United Farm Workers President Arturo S. Rodriguez issued the following statement from the union’s Keene, Calif. headquarters following introduction today of the landmark Fairness for Farm Workers Act by U.S. Sen. Kamala Harris (D-Calif.) and U.S. Rep. Raul Grijalva (D-Ariz.) extending to agricultural workers nationwide the 2016 California law guaranteeing them overtime pay after 40 hours per week.
Today marks the 80-year anniversary of the federal Fair Labor Standards Act of 1938 that established overtime pay for nearly all American workers but excluded all agricultural workers, the majority of whom were then African American. This Jim Crow-era exclusion discriminating against farm workers was remedied in California when the Legislature passed and Gov. Jerry Brown signed a historic overtime law in 2016. We believe 80 years of discriminatory exclusion from overtime pay is long enough. The Fairness for Farm Workers Act would finally give all of our nation’s 2.5 million farm workers the basic protections other U.S. workers have enjoyed for 80 years. And just as with the 2016 California legislation, federal overtime pay would be phased in over a period of four years.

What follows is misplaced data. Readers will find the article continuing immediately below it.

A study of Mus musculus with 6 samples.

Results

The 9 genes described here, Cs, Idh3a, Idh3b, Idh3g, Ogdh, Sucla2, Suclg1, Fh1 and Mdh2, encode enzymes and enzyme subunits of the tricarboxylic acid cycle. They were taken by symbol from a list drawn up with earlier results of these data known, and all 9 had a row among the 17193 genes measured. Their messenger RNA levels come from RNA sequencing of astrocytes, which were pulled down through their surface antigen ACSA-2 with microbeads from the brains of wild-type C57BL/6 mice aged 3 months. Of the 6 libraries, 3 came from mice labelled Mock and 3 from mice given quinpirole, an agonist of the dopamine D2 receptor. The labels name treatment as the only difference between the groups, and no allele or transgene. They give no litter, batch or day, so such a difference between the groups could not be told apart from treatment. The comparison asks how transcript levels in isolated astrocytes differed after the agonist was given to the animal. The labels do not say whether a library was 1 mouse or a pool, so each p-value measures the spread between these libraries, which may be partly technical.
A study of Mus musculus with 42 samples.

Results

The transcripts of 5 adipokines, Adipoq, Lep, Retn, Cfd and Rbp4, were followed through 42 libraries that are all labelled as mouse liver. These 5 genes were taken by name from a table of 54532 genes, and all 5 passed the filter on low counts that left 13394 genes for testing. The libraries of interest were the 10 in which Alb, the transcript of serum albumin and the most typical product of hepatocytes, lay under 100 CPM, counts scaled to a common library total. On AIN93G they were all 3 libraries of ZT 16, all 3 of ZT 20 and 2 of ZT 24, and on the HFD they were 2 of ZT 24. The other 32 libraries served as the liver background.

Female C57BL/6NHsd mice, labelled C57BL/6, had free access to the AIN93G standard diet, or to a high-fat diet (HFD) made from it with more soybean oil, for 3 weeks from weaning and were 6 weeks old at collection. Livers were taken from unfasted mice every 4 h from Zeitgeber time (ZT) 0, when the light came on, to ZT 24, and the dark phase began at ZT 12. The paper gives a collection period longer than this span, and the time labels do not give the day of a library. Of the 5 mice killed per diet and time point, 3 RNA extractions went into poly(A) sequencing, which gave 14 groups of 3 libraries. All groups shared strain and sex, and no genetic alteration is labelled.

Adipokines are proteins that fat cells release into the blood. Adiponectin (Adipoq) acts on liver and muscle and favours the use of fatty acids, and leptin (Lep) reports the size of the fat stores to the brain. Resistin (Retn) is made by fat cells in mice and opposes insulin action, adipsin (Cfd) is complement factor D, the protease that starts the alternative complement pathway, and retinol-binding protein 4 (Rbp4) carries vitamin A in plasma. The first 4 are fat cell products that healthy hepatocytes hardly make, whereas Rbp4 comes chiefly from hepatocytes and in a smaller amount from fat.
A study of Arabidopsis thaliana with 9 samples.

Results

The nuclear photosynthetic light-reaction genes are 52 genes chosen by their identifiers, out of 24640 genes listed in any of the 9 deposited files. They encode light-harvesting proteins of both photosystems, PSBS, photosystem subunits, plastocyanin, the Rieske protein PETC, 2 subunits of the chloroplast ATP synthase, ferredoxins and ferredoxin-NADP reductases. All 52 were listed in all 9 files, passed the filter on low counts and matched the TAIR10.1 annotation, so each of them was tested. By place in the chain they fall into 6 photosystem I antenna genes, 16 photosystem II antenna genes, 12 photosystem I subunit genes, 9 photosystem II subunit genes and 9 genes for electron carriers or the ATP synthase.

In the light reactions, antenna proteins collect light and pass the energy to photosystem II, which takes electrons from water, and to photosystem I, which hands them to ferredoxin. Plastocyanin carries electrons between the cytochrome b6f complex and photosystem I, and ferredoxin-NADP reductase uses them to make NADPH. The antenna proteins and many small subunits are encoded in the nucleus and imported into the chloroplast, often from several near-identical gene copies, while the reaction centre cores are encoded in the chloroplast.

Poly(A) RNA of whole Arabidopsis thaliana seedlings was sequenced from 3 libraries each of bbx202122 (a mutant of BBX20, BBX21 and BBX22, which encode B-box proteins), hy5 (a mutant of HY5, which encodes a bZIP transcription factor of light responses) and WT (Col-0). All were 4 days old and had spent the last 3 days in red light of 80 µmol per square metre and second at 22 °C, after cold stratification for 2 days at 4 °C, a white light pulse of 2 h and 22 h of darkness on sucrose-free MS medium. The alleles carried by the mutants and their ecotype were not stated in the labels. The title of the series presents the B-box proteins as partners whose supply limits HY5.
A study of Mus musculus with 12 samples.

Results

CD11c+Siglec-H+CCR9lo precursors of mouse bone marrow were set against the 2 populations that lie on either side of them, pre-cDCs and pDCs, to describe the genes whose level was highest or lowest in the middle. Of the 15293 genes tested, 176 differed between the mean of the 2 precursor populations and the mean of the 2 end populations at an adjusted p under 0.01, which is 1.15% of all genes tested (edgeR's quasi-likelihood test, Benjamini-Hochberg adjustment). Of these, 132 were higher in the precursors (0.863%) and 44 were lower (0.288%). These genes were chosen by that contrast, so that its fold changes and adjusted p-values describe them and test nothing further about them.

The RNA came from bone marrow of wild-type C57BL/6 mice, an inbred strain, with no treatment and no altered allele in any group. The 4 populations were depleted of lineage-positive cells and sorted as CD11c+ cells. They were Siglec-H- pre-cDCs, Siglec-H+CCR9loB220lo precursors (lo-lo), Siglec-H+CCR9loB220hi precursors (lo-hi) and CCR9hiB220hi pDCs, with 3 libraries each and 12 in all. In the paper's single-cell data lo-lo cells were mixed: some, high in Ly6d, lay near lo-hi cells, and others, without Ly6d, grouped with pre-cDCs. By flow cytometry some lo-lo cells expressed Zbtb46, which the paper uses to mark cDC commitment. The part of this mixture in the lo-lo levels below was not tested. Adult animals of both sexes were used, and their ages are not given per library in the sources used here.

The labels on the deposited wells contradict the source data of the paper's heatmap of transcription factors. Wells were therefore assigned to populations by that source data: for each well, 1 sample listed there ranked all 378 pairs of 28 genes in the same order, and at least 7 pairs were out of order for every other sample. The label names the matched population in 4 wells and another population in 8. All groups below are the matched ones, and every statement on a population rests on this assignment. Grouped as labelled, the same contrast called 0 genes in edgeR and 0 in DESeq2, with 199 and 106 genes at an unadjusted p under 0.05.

It’s easy to understand why farm workers were written out of the Fair Labor Standards Act in 1938, but it is hard to believe overtime wage exclusions still persist 80 years later. It was wrong then and it is wrong now. It is no longer acceptable in 2018 for any farm worker to be denied the right to overtime pay—no matter how long or hard he or she toils, no matter how much bounty of food he or she produces and no matter how many toxic pesticides to which he or she is exposed.
We thank Sen. Harris, Rep. Grijalva and the bill’s cosponsors, and we are grateful to allied organizations whose work with the United Farm Workers was instrumental in introducing this groundbreaking and long overdue federal overtime measure.
Together we made history in the largest agricultural state in the nation in 2016, and we will not stop there. It is finally time for all American farm workers to be compensated with overtime pay for all of the toil and sacrifice they endure to feed us all.